St. Helens True Summit Elevation Gain ?


 

Climber's Bivy is at 3,740' and the summit is 8,365'. Going straight to the top is a total of 4,625'.

 

So my question is; with the ups and downs on the 0.25 mile traverse to the true summit, does anyone have an idea of what the actual elevation gain is? I'm thinking it would add 100 to 200 feet...not sure.

 

Any ideas?


Edited by RaisedByPikas

So someone registers, makes their very first post, and comes off as a smart-ass on Day One.

Nice going, AC - you'll fit in here just fine. :)


 

Since you don't know the answer, how will you be able to know if any purported answer anyone posts here is correct or not?

 

Speaking of which, the actual extra elevation gain is exactly 420.


 

however, my gps shows climbers bivouac parking lot @ 3,820 ft, making the total elevation gained exactly the same... in addition to that, there is a margin of error +- 50 feet

 

 

 

 

 

 

 

 

 

 

 

note: none of the above actually happened


:grlaf:

 

Dude this one time I climbed St Helens and like the top was way up there. Fortunately I made it down :toad:


 

Thank you for the people that did provide an answer.

 

If you must know, I'm keeping track of how my asthma does based on my elevation gain.

 

I'm not trying to be a smart ass, I just don't get why people respond if they don't have anything close to an answer.


How does this:

Does it really matter? Almost all hikes or climbs include a few hundred feet of "unaccounted" elevation gain.
qualify as a smart-assed answer?

It is a statement of fact, albeit preceded by an interrogatory, which in my mind came off as non-threatening.

 

Following it up with this as your second-ever post:

If you don't know the answer then don't post.
certainly comes off as a tad snarky for a board n00b, IMHO. You're setting the stage for yourself to be considered a douchebag, and we have plenty of those here already, thankyouverymuch.

 

In answer to your last question, bazillions of people on this board make a habit of replying to posts that they don't know (or care) shit about. It's a way of life here. I respectfully suggest that you get used to it if you plan on spending much time here.

 

Oh, and welcome to CC.com! :wave:


 

Thank you for the people that did provide an answer.

 

If you must know, I'm keeping track of how my asthma does based on my elevation gain.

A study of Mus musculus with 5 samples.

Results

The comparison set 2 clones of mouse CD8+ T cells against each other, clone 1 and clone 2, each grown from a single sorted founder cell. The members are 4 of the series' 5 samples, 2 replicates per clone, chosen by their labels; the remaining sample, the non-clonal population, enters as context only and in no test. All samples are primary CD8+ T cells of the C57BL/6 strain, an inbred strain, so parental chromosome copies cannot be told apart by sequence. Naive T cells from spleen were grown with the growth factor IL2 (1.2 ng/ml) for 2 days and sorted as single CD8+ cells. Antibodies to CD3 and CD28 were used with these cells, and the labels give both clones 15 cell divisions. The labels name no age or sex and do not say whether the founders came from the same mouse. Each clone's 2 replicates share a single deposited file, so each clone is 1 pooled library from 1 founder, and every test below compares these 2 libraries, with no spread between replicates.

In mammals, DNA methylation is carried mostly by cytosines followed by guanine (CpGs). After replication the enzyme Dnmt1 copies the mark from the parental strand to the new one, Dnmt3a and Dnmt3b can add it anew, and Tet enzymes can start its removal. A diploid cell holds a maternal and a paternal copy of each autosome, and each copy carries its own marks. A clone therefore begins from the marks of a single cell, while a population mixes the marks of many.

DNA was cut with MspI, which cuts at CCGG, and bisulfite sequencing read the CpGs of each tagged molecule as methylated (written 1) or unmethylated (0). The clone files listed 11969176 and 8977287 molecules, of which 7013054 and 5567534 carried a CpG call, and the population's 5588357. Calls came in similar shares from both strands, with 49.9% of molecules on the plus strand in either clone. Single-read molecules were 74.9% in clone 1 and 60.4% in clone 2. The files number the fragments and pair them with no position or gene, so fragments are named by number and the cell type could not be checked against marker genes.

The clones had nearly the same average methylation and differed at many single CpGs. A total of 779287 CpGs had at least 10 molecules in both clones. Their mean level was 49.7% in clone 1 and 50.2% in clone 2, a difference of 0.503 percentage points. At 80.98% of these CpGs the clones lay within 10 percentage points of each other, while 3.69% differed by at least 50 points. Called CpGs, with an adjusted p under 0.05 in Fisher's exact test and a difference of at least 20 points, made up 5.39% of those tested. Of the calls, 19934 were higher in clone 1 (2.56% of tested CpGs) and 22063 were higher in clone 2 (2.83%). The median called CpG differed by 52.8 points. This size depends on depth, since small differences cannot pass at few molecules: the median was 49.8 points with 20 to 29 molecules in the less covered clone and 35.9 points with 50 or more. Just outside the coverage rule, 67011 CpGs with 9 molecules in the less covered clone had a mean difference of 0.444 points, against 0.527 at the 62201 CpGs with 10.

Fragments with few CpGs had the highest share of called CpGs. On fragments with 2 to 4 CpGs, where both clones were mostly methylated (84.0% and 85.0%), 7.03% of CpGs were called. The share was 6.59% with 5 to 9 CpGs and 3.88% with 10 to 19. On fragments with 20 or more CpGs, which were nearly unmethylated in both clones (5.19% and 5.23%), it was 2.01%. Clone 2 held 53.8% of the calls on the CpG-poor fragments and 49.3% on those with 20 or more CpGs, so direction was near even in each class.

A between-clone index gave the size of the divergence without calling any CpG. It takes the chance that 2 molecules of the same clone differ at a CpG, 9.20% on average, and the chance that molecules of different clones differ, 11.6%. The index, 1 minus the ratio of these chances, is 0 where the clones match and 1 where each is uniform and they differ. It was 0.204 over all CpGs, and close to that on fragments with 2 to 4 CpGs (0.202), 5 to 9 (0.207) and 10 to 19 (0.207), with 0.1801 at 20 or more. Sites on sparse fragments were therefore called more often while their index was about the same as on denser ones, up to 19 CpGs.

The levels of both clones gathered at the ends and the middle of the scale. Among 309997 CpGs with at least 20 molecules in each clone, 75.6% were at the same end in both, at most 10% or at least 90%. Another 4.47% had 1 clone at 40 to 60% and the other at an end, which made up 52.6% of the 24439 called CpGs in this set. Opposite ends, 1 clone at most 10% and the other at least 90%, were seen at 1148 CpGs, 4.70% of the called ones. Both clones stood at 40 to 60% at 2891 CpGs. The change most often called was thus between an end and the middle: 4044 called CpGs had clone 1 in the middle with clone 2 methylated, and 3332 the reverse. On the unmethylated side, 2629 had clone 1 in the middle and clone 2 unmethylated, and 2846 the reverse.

I'm not trying to be a smart ass, I just don't get why people respond if they don't have anything close to an answer.


 

So, sorry if I offended anyone, I see how agitated people can get, but I was asking a question specifically about environment, nothing personal or anything I would consider one needing to know my psyche profile and why one would ask a question like I did.

 

Next time I'll put my entire reasoning (mental/physical/personal) for the question up front as to not offend anyone with my retort.

 

Respectfully -n00b



A word of perspective: cc.com is like the rest of the interweb. There are many treasures to find, but they are often hidden in mountains of trash. Happy hunting.


 

however, my gps shows climbers bivouac parking lot @ 3,820 ft, making the total elevation gained exactly the same... in addition to that, there is a margin of error +- 50 feet

 

 

 

 

 

 

 

 

 

 

 

note: none of the above actually happened

I have no idea what you just said,


 

http://en.wikipedia.org/wiki/How_Long_Is_the_Coast_of_Britain%3F_Statistical_Self-Similarity_and_Fractional_Dimension

 

Assuming you are happy with an approximate that ignores those factors, if you have a geeky side, you can get reasonably high resolution topographic data from several places on the web and should be able to write something to interpolate along your path along the rim.

 

Buying a good altimeter and climbing it again might be easier though.